This historical capital city boasts an enviable array of bountiful parks and gardens. Admire the manicured flower gardens, take a dip in a lake, or ramble through some wild woods. London’s green spaces are some of the most beautiful and the most varied of the world’s cities and the best thing is, they are absolutely free to visit.
Although London is remarkably easy to navigate thanks to the new East London line, you might be hard pushed to hop from North to South of the river in a day - especially this Summer, with the Olympics festivities fast approaching. Pick one park destination close to home, explore the main sights, and do what the locals do – have a cold drink and a nice sit down.
St James’s Park:
St James’s Park, overlooked by three palaces including the majestic Buckingham Palace, is perhaps the most famous Royal Park and a must-see for any visitor to the capital. Founded in 1532 by Henry VIII, it started life as a deer park and wasn’t transformed into the romantic leafy idyll it is today until architect and landscaper John Idyll turned his hand to a redesign in 1827.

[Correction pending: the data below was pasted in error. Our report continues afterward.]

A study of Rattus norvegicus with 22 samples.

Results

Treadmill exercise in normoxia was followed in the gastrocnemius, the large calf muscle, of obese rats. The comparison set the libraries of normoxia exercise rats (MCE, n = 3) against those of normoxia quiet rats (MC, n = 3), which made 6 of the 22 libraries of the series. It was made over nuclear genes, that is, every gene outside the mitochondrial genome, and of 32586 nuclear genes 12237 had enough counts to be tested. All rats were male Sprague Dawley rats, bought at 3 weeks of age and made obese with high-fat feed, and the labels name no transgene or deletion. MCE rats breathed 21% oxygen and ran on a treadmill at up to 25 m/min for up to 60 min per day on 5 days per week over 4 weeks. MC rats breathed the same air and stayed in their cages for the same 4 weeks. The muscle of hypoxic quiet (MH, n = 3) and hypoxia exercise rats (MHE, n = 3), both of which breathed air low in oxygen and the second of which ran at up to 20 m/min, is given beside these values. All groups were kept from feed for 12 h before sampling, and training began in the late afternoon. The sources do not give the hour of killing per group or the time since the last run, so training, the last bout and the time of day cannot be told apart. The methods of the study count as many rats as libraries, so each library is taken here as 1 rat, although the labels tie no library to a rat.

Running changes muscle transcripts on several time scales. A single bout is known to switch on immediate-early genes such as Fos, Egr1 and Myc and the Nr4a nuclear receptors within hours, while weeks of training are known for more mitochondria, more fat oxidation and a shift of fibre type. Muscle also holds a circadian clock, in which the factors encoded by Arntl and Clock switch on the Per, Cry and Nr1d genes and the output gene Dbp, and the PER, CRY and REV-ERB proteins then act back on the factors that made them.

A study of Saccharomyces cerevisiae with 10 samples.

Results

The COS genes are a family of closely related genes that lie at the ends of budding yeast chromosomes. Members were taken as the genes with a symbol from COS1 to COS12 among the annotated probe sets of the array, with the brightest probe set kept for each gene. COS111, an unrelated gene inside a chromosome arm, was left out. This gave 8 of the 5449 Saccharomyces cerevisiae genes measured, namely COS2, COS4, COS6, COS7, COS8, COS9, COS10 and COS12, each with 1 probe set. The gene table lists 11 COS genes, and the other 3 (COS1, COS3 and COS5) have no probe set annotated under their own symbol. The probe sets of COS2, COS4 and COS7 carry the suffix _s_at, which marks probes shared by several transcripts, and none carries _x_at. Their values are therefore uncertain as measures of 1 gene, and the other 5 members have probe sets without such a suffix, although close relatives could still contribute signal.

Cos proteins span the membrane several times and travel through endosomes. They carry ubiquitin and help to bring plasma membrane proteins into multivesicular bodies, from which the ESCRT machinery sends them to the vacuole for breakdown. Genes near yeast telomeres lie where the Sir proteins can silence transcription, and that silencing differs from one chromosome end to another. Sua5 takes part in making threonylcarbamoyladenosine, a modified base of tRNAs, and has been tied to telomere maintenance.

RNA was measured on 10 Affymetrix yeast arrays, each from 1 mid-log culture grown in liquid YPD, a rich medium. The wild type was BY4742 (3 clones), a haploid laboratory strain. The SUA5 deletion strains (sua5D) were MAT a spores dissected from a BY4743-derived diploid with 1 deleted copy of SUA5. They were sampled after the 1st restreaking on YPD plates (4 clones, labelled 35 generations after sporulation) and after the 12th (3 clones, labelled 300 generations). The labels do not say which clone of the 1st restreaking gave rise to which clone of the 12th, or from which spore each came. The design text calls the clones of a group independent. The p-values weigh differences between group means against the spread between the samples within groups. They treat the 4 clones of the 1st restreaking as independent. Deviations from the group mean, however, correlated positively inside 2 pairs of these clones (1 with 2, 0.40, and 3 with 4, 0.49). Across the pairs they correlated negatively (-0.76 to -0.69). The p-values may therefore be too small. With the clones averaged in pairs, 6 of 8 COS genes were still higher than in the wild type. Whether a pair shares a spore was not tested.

Spreading from Kensington to Marble Arch, this infamous Royal park is one of the easiest park locations to get to as it’s surrounded by underground stations on all sides. It’s a hive of activity and unrivalled for atmosphere, buzzing with skaters, horse-riders and dog walkers most times of the day. The Serpentine gallery sits at the heart of the park and features the work of world class artists all year round.
Best known for its connection to London Zoo, a worthy day-trip destination in its own right, Regent’s Park is also home to London’s premiere open-air theatre which hosts annual fairy-lit productions of A Midsummer Night’s Dream. Although centrally located, the park’s perimeter spreads right up to the Camden area which means hotels near Regent’s Park are likely to be less expensive than St James’s Park or Hyde Park hotels. The rose garden is a sight to behold, with 30,000 roses and 400 varieties to be sniffed and admired.
If you need a hotel near Regent’s Park, visit www.hilondonregentsparkhotel.co.uk
Greenwich, which will hold the Equestrian competitions and modern pentathlon for the London 2012 Olympics, is the oldest of the enclosed royal parks and houses one of the lesser known most spectacular views in London. Wander up to the Royal Observatory, which houses both a planetarium and a rotating programme of exhibitions, buy an ice cream and contemplate the glittering skyline from the city to Canary Wharf and beyond. Other attractions include a budding rose garden, a boating lake and tennis courts.
This park sits at the South-Western most tip of the London Underground line but it’s worth the meandering tube journey. Hundreds of deer and rogue canaries populate this rambling green space which is large enough to get pleasantly lost in. Check out Pembroke Lodge, once the home of philosopher Bertrand Russell, and now tea room with unrivalled panoramic views.